Capping your achievements
There is a concern in the market about underprepared apprenticeship graduates, but the issue may not be what you think it is. James Tinslay explains.
To the rest of the world, the term ‘capstone’ means the stone on the top of a structure or wall, or the crowning achievement. In the electrical industry of course, the meaning is not that much different except it is meant to be the final step that an apprentice must go through to be eligible for an electrician’s licence.
It sounds fair and reasonable that an apprentice must have a thorough assessment of all the on and off the job training that has been undertaken over four years to be awarded a licence that will provide employment and safe practices throughout their career. However, there are significant issues with the Capstone assessment, despite its pivotal role in regulator standards and employer confidence in quality outcomes.
While the Capstone assessment is relatively consistent across states and territories, delivery models differ markedly. These vary from a fully government regulated test, a prescribed government option through to a reliance on RTOs solely using what is contained in the training package. Compounded with this is the significantly high failure rate across all these models when apprentices sit these tests. Despite this, there is little appetite among regulators to adopt a unified delivery approach for the Capstone assessment.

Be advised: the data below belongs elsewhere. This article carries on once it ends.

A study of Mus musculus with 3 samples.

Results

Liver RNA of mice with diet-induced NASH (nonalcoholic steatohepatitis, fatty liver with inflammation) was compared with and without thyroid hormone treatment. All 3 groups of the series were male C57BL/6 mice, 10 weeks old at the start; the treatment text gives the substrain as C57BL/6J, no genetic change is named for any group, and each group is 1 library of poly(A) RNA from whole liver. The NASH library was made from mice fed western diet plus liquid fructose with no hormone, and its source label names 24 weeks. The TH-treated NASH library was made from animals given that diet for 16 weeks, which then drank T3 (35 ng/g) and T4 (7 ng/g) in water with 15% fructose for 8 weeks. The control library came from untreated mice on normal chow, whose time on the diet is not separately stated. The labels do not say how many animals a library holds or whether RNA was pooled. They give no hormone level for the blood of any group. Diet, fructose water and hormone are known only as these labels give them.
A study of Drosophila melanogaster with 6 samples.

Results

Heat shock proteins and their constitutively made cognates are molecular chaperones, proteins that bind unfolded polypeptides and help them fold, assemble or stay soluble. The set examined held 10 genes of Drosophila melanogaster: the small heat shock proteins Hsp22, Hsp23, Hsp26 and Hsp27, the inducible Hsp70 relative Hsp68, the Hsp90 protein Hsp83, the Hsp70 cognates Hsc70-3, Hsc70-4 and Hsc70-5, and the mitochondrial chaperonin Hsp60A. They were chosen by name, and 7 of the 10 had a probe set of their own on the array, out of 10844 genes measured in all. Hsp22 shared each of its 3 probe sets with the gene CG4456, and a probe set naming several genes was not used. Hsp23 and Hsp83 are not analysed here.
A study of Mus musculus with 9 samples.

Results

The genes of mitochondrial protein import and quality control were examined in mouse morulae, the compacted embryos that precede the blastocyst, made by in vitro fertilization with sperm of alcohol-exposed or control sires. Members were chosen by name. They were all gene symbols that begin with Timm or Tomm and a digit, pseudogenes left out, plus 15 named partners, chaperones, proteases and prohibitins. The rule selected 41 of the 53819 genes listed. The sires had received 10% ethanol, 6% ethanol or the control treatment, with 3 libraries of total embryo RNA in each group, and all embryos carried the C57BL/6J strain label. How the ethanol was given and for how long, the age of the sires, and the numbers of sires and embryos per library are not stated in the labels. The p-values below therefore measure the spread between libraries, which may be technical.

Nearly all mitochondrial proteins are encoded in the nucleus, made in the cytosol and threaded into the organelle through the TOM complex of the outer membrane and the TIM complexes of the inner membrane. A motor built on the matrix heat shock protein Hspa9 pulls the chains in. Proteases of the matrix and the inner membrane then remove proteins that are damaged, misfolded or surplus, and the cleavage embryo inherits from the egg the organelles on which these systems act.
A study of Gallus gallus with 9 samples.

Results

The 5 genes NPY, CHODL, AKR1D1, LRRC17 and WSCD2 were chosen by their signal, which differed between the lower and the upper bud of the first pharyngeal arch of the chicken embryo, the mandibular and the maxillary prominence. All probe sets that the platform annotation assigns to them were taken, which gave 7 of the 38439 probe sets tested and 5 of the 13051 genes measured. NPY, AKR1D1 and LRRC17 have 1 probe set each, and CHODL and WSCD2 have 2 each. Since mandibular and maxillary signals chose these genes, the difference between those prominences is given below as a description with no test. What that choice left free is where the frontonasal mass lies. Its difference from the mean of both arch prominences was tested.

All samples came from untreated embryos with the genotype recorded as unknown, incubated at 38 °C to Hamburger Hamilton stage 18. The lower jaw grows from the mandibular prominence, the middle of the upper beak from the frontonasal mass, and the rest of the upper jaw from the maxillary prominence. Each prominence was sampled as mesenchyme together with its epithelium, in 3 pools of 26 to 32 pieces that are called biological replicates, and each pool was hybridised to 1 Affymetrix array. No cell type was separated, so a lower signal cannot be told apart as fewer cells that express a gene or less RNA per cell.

The issue apprentices and employers face are not so much the Capstone but the disconnection between the completion of a Certificate III qualification and the issue of an electrician’s licence. All jurisdictions require the completion of the qualification and most, but not all, require additional information such as further assessment, the provision of a trade certificate or the like, a statement confirming that the apprentices have at least 12 months’ relevant wiring experience etc.
There was hope at one stage with the Commonwealth and states and territories working on a national licensing system but that has been abandoned and there is little support to participate in a further attempt arising out of this failure. The subsequent introduction of a mutual recognition arrangement works reasonably well but it does not address the significant jurisdictional variations for the issue of a licence.
It is well understood that the majority of apprentices at the end of the notional four-year term do not have the breadth of experience across the whole industry. How could they in four years have gained knowledge and experience of domestic, commercial, industrial work, not to mention specialist work just such as solar, emergency power, etc? Apprentices in group training schemes sometimes have an advantage when they have worked with employers in different sectors but that is still no guarantee.
While industry involvement in the capstone assessment is currently relatively minor, this is an opportunity for the electrical contracting industry with its vast experience of training apprentices through both group training arrangements and RTOs to assist regulators work towards a national and standardised approach. This approach working hand-in-hand with an independent validation of the capstone assessment would provide an opportunity to bring independence to the process and build closer links between industry and regulators.
At the core of this would be the aim to significantly increase the success rate of the assessment, which is currently so poor that it begs the question of the validity of the process, but not necessarily the Capstone assessment. Both employers and apprentices deserve a nationally consistent arrangement to ensure timely, dependable and reproducible outcomes.